Press Releases and Statements

Kati Haycock, director of The Education Trust, on Education Secretary Rod Paige

Rod Paige and I do not agree on everything.  But he has brought to his office enormous integrity, deep insights into what it takes to turn around urban districts, and a passionate commitment to helping American schools work more effectively for all students.  Through thick and thin, he has been a tireless advocate for poor and minority children.

Despite what the armchair critics say, he did not simply “defend the President’s education agenda.”  He did something vastly more important: He helped the American people understand that low-income and minority c

States are moving in the right direction in narrowing achievement gaps and raising achievement for all students, but not fast enough

(Washington, DC) – Student achievement in reading and math is rising in the elementary grades in most states, and achievement gaps are narrowing, according to a new report released today by the Education Trust.

Kati Haycock, director of The Education Trust, on the President’s Economic Summit

I’m an educator, not an economist.  But whether you are focused on the health of our economy or the health of our democracy, it is very clear that America’s young people need to learn more in school.

We are seeing real and important achievement improvements in elementary schools.  We’re even making some progress in middle schools.  But we’re losing ground in our high schools—at least in part because our energy and our resources have been focused on the early grades.

Statement from The Education Trust on Armstrong Williams incident

(Washington, DC) – The U.S. Department of Education’s (USDOE) decision to pay a journalist to hype the No Child Left Behind Act (NCLB) was bad judgment and a misuse of funds.

The Education Trust releases College Results Online: Similar institutions aren’t that similar when it comes to student success

(Washington, DC) – At a time when high school seniors around the country are busy applying to college, the Education Trust today released an interactive Web tool and two reports that challenge the conventional wisdom about college-graduation rates.

The user-friendly Web tool, College Results Online, points to glaring disparities in college completion among very similar schools.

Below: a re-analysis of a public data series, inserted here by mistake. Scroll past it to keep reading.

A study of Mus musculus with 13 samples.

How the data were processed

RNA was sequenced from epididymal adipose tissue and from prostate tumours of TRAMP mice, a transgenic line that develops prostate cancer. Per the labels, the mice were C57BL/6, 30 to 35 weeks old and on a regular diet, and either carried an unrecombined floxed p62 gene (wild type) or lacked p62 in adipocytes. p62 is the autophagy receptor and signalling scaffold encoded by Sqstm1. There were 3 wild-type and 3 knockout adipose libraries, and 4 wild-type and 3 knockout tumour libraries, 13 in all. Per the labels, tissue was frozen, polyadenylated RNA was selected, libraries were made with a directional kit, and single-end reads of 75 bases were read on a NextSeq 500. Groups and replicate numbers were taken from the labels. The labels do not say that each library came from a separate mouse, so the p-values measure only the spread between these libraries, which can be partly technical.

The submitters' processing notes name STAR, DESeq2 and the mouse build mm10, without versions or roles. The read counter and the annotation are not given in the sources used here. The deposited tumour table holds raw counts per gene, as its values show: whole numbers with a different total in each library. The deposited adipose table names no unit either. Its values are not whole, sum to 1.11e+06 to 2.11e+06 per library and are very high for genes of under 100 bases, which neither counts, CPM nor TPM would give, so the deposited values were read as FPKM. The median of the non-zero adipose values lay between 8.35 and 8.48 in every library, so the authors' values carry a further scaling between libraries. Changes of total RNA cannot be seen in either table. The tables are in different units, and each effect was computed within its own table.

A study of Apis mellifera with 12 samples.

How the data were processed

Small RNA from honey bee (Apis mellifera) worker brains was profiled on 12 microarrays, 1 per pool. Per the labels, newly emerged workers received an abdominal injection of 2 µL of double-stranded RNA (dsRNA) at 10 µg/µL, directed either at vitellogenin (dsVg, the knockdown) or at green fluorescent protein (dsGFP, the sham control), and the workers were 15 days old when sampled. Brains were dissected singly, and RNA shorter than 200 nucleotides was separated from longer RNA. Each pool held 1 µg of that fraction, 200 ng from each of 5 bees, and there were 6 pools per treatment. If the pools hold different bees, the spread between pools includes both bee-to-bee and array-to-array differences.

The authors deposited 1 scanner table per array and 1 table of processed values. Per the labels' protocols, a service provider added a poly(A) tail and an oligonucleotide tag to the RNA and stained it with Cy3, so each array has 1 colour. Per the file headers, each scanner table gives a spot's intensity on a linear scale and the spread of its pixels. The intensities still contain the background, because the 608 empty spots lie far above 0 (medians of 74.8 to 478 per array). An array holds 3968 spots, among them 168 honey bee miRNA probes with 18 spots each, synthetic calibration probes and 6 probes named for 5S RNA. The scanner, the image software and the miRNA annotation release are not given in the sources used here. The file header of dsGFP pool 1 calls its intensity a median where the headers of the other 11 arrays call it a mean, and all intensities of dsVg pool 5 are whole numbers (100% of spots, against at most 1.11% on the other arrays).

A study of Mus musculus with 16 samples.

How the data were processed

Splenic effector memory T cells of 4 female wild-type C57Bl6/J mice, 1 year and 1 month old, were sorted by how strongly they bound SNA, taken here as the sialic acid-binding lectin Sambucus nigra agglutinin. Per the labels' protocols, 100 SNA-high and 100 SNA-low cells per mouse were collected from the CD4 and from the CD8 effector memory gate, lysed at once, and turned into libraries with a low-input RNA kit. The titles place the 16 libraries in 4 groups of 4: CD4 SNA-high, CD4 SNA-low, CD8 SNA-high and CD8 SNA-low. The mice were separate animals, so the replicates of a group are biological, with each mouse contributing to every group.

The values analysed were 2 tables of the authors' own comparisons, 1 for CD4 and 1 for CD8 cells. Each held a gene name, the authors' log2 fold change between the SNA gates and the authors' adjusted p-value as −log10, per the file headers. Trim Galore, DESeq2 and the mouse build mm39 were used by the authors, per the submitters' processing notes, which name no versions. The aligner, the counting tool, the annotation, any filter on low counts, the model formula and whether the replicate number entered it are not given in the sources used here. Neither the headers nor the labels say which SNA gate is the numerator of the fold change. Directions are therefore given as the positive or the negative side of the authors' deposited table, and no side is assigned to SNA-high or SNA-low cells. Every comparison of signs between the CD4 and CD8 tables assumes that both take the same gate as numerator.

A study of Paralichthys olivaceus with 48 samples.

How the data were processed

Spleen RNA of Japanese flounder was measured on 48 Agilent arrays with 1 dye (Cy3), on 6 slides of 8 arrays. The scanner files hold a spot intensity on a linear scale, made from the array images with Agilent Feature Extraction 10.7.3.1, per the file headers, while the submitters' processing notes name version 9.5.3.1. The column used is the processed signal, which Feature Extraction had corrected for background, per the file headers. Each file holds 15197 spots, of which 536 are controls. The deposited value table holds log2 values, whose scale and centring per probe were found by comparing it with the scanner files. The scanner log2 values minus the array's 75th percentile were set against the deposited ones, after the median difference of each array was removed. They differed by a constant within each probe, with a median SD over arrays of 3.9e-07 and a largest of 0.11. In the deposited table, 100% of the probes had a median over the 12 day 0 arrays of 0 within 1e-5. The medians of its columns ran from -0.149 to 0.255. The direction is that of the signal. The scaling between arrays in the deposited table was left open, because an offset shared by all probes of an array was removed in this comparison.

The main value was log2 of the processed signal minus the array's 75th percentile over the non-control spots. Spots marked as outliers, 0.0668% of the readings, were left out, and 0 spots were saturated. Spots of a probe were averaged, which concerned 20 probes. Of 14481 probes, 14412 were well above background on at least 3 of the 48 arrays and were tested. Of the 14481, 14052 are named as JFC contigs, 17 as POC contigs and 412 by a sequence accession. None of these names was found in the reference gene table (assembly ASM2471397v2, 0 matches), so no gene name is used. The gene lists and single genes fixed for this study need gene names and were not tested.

The online tool, found at, allows users to select any four-year public or private nonprofit college or university in the country and

Ross Wiener, policy director of The Education Trust, on the report by National Conference of State Legislatures’ Task Force on No Child Left Behind

The National Conference of State Legislatures’ Task Force on No Child Left Behind (NCLB) emerged today to urge an enormous step backwards in the nation’s efforts to close achievement gaps in public education.  While the report pays lip-service to the goal of closing achievement gaps, it fails to even acknowledge the deep-seated inequities in the public school systems for which these state legislators are responsible.

The historical record is too strong and the stakes are too high to turn back the clock on NCLB.  The law is not perfect, and it inevitably will be modified wh

On Course for Success: A close look at selected high school courses that prepare all students for college

(Iowa City, IA) -- High schools that provide all students with high-level courses, qualified teachers, flexible teaching styles, and extra tutorial support are more successful in preparing their students for college and work, according to a new study by ACT and The Education Trust.

Statement from The Education Trust: Utah must confront inequities in public education

Last year less than 60 percent of elementary-school American Indian and Latino students in Utah passed year-end standardized tests in language arts, compared to 85 percent of white students. About a third of black students failed to pass. The gaps were similar in math test results.

Getting Honest About Grad Rates: Too many states hide behind false data

(Washington, DC) – The Education Trust released a report today that sharply criticizes the way states calculate and report graduation statistics. The analysis, entitled “Getting Honest About Grad Rates: How States Play the Numbers and Students Lose,” also rebukes the U.S. Department of Education for failing to exert leadership by demanding that states get honest about graduation rates.

The Ed Trust analysis reveals disturbing patterns: Some states rely on ludicrous definitions of graduation rates. Others make little effort to accurately account for students who drop out of school.